The United States will not lift crippling sanctions on the Islamic Republic of Iran until Tehran stops enriching uranium.
That’s what President Joe Biden told CBS Evening News anchor and managing editor Norah O’Donnell on Sunday in his first network news interview since his inauguration.
With Iran resuming its enrichment of uranium, we asked Pres. Biden if the U.S. will lift sanctions first in order to get Iran back to the negotiating table on a nuclear deal.
“No,” Pres. Biden says, affirming that Iran will have to stop its enrichment program first pic.twitter.com/OPszf15Q1o
— Norah O'Donnell ?? (@NorahODonnell) February 7, 2021
“Will the US lift sanctions first in order to get Iran back to the negotiating table?” Biden was asked.
“No,” he responded.
“They have to stop enriching uranium first?” O’Donnell asked.
The president nodded “yes” in response.
Last month, Secretary of State Antony Blinken told senators at his confirmation hearing that if Iran took the initiative and returned to compliance with the 2015 JCPOA nuclear deal it had signed with world powers, “we would too.
“But we would use that as a platform to seek a longer and stronger agreement,” he added, “also to capture these other issues, particularly with missiles and other destabilizing activity.”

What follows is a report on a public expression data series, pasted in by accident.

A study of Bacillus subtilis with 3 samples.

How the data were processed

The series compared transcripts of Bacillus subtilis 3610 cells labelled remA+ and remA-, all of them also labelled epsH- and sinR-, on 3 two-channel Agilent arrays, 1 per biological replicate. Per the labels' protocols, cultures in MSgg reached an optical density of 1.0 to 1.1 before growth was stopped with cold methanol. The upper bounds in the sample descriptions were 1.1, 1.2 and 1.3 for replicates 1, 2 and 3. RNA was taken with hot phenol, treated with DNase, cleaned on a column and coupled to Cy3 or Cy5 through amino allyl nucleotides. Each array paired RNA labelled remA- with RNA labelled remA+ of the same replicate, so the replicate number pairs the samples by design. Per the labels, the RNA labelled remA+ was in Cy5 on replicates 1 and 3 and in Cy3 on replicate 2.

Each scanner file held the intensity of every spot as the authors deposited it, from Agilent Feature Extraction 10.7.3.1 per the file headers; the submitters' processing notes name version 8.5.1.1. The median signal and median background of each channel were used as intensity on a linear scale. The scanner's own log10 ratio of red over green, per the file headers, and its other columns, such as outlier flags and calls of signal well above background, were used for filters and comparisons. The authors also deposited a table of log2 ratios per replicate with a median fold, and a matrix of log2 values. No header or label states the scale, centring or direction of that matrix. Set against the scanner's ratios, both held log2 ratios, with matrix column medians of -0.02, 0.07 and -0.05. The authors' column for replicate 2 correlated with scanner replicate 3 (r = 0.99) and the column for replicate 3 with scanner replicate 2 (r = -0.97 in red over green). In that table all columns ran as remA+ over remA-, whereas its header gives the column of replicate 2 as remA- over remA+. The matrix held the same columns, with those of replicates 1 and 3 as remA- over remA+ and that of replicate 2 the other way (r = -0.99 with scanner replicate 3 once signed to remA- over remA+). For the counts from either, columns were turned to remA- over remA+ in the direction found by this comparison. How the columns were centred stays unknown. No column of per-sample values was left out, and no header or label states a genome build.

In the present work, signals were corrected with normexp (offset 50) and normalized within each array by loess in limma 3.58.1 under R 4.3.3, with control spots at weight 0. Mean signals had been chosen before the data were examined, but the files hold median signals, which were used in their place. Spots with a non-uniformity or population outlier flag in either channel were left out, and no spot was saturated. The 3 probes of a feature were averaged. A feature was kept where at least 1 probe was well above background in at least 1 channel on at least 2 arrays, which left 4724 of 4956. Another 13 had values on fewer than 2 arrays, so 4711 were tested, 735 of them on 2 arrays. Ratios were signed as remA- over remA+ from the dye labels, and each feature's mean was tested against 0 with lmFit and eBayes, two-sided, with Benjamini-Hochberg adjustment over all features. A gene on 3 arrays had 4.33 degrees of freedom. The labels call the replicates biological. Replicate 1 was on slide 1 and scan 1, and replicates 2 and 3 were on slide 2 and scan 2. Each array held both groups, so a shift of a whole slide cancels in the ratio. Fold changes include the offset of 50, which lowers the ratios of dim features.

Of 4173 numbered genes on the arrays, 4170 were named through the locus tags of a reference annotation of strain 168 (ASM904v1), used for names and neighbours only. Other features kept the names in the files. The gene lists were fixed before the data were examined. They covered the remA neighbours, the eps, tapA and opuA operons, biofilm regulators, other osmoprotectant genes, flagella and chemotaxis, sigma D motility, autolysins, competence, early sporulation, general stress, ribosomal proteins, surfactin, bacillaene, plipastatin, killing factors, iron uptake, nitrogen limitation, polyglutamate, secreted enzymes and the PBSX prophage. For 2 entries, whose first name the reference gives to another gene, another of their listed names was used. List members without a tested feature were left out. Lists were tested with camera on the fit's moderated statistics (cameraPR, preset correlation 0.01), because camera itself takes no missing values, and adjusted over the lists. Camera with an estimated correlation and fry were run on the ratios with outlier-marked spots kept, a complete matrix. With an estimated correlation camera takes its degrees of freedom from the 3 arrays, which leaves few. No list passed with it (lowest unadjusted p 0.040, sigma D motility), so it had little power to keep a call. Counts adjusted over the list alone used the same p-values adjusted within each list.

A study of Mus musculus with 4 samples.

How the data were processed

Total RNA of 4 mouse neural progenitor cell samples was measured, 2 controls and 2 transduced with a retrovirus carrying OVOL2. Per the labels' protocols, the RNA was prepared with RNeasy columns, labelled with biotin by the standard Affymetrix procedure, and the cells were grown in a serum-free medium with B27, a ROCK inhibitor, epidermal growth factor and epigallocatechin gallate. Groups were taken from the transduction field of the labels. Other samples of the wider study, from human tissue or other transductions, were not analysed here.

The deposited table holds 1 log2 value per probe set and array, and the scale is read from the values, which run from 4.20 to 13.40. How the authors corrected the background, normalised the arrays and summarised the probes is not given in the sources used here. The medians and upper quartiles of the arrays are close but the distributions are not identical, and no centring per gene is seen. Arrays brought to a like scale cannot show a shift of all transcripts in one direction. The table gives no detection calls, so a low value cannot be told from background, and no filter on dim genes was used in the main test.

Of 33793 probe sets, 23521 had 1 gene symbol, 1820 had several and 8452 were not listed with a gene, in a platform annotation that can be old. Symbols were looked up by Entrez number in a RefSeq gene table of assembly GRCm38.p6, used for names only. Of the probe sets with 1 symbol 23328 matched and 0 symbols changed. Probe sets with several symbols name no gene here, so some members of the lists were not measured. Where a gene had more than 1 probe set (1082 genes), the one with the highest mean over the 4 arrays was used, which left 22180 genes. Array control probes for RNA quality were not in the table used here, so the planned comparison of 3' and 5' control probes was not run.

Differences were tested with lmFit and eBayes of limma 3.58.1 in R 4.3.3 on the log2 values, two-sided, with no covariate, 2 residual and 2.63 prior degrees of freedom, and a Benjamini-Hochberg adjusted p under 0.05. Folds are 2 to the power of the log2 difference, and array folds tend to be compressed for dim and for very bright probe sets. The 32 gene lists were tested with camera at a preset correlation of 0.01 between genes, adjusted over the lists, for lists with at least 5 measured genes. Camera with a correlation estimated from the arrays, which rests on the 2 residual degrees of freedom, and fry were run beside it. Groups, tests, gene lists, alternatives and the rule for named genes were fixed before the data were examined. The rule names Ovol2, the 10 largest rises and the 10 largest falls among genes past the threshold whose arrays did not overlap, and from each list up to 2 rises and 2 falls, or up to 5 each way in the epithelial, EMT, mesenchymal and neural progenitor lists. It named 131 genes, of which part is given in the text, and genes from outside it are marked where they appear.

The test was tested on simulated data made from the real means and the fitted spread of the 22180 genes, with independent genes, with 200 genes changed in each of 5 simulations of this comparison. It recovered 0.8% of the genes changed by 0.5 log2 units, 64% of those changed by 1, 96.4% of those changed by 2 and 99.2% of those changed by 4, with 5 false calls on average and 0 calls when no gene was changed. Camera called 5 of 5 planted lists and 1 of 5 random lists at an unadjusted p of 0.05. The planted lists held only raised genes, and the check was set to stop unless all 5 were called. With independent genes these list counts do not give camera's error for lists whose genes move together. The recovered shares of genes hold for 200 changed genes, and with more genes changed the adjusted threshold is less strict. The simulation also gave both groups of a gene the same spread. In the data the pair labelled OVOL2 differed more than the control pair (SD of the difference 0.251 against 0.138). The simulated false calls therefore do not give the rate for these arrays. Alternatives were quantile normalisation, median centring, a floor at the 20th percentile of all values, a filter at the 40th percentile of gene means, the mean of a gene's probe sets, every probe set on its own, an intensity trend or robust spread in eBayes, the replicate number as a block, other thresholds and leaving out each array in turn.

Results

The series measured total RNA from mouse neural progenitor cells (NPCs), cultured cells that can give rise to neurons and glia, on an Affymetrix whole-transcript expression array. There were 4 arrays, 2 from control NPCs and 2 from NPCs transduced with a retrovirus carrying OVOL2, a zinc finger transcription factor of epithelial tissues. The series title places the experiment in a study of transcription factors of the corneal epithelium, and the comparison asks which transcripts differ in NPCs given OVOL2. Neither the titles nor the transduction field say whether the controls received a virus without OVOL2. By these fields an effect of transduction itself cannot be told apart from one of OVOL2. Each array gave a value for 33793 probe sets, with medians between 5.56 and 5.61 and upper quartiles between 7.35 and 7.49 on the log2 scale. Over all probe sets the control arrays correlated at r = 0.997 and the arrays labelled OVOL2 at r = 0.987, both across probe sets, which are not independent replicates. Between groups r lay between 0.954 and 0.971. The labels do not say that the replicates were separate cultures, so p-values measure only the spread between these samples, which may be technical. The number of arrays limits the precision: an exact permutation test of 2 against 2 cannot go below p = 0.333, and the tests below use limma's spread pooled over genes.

Blinken added, “We are a long way from there.”
Iran Increasing Nuclear Development Activities
Iran last month notified the IAEA of its intent to increase uranium enrichment to 20 percent, and also to produce uranium metal, a fuel used in atomic weapons.
One year ago, on February 19, 2020 the Iranian stockpile stood at 1,510 kilograms, according to the IAEA – more than five times the 300 kg limit set under the JCPOA. The Iranian stockpile of enriched uranium is now considerably larger.
According to some analysts even this is a sufficient amount to produce a nuclear weapon, although it would still require several more steps before it could be used in an atomic bomb.
However, the timeline has been considerably speeded up since then.
Last month (January 2021) Iran informed the IAEA that it plans to produce uranium metal from natural uranium and then to produce uranium enriched up to 20 percent as fuel for the Tehran Research Reactor.
Uranium that is enriched to 20 percent is just a short technical step away from weapons-grade 90 percent enrichment.
By January 28, 2021 Iran had produced 17 kilograms (37.5 pounds) of 20 percent enriched uranium, according to Iranian Parliament Speaker Mohammad Bagher Qalibaf, who made the announcement in a televised speech during a visit to the country’s subterranean Fordow nuclear facility.
Qalibaf thanked the Atomic Energy Organization of Iran (AEOI)in his speech.
Iran has set a goal of producing 120 kilos of 20 percent enriched uranium per year.